A short ride across the Öresund Bridge from Copenhagen to Sweden and you’re in Malmö, a cosmopolitan city with a dramatically revitalized post-industrial energy. Once a run-down harbor area, the seafront is now bristling with life and architecture, notably the landmark ‘Turning Torso’ building which appears to twist into the ground and sky above the seaside cityscape packed with cafes bars and restaurants.
My favourite place is the seaside sauna, Ribersborg Kallbadhus (seawater bathing facility) at the end of the pier, where you can look out at Denmark across the water. Nude bathing, a solarium and massage complete the experience. Wander along the beach to West Harbour (Västra Hamnen) on your right for stunning views of the 8km Öresund Bridge, especially from Luftkastellet lookout point.
The cultural scene is remarkably strong, with the Art Museum and Museum of Natural History both in the well preserved Renaissance castle Malmöhus. Exhibitions of 20th Century Nordic Art and from the 16th Century give the visitor a deeper insight into Nordic culture, while in the basement of the Natural History museum you can see live amphibians, electric eels and piranhas… eeek!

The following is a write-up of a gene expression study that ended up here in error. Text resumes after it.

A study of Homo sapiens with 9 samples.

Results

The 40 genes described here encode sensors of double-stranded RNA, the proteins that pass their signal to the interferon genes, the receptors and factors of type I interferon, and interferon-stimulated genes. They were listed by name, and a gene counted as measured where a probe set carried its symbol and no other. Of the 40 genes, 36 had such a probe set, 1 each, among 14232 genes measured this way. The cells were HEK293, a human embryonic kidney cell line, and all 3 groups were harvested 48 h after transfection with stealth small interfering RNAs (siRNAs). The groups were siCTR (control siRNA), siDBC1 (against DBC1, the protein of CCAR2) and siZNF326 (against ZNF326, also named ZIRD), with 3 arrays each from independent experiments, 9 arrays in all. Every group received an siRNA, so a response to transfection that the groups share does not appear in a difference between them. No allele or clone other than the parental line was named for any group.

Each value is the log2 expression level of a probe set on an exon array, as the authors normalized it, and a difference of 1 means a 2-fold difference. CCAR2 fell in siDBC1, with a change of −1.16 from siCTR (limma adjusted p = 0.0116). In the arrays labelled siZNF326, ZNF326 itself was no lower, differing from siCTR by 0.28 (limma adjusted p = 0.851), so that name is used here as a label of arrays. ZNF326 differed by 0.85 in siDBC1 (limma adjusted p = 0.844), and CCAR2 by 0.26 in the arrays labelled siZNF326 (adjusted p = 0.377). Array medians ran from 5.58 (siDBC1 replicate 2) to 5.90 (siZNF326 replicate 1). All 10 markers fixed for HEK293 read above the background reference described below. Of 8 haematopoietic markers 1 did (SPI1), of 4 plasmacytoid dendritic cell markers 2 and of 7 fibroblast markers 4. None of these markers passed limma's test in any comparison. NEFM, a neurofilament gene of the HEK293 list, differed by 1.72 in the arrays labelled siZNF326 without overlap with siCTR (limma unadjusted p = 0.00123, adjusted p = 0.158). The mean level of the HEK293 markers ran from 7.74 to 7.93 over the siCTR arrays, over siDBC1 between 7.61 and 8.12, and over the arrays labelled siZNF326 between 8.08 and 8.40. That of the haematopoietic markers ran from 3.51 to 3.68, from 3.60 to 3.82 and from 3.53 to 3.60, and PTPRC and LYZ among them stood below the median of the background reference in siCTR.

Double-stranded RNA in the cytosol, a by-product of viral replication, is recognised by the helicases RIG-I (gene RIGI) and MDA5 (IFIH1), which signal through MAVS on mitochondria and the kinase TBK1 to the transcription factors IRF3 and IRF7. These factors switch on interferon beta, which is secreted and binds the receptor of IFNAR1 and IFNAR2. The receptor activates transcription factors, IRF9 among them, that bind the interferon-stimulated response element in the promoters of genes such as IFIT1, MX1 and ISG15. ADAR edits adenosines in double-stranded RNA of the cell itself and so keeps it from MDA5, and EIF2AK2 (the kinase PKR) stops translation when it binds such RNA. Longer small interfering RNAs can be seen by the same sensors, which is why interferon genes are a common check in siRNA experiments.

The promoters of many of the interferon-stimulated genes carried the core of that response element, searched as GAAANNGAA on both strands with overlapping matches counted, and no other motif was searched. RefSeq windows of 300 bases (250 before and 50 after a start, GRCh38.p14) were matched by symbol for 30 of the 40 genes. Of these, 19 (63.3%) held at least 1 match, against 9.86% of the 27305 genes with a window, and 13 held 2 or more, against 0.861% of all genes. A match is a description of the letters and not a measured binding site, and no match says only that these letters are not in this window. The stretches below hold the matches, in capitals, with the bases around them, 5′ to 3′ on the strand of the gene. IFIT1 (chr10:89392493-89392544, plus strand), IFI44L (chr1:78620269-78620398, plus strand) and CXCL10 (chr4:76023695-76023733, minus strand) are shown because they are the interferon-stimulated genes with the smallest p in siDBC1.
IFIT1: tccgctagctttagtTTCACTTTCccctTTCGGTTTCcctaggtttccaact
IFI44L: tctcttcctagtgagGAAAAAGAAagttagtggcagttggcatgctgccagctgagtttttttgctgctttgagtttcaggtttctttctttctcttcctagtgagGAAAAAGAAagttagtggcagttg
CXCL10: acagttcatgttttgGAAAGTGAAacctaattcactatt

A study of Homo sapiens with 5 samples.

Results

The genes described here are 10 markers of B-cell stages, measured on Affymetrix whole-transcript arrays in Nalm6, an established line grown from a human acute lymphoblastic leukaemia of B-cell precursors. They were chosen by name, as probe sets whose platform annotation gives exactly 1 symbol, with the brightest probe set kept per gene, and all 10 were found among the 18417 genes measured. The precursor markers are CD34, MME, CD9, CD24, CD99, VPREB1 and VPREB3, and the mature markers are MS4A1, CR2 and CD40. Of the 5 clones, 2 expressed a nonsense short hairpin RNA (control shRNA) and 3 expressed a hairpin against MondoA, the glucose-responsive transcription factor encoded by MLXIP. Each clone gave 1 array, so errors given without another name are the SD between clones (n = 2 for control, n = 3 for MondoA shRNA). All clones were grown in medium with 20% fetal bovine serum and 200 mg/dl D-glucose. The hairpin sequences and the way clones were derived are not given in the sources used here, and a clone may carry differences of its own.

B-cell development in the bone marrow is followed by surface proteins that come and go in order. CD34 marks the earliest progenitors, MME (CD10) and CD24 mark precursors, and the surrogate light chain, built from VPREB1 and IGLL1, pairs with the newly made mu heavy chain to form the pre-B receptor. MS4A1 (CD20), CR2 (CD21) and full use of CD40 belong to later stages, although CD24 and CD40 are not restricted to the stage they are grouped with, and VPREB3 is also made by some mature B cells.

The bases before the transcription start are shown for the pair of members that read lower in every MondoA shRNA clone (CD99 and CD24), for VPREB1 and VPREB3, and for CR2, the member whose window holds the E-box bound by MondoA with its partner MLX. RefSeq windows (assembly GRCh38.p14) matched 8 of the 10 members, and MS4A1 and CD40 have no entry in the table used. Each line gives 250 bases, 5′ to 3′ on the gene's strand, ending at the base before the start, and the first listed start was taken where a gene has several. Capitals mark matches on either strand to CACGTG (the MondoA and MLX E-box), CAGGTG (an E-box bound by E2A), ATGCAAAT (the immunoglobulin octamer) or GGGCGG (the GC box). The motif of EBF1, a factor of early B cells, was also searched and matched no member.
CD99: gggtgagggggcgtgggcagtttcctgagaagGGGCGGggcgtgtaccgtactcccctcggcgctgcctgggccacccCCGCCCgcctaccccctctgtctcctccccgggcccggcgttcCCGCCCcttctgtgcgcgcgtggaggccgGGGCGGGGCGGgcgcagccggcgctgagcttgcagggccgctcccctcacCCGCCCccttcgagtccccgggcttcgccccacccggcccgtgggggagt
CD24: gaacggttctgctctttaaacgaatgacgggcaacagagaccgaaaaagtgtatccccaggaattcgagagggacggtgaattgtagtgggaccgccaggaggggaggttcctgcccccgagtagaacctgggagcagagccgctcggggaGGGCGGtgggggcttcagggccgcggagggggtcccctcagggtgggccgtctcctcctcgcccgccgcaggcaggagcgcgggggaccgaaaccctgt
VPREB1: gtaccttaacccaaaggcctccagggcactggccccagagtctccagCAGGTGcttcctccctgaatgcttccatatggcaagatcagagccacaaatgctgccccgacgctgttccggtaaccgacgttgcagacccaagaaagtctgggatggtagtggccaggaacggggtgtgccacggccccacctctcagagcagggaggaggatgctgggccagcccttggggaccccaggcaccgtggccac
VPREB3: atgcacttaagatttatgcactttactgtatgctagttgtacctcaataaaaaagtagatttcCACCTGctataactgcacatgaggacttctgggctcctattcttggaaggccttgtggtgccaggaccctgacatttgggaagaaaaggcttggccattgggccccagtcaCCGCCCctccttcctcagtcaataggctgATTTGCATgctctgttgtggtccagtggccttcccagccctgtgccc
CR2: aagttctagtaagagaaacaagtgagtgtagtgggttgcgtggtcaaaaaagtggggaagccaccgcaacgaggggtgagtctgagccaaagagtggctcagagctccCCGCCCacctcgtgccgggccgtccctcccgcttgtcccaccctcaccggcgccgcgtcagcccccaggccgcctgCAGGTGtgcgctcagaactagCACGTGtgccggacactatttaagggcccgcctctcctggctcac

Away from the castle, Malmö Konsthall is a stunning building with a fantastic collection of contemporary and modern art, and you’ll be met by Rauschenberg’s ‘the Goat’ at the Moderna Museet Malmö – who could not like that!
Culture inevitably makes me hungry, and where better to refuel than the Möllevången, an area famed for it’s multicultural gastronomic scene, with restaurants and delis from all over the culinary world. Malmö is the centre of Skåne, famed for first class fish and seafood from the Baltic and North Atlantic. Classic Skåne delicacies include smoked eel, fried goose and egg cakes which can be enjoyed in the many traditional restaurants and inns, both in Malmö and further afield across the Skåne countryside.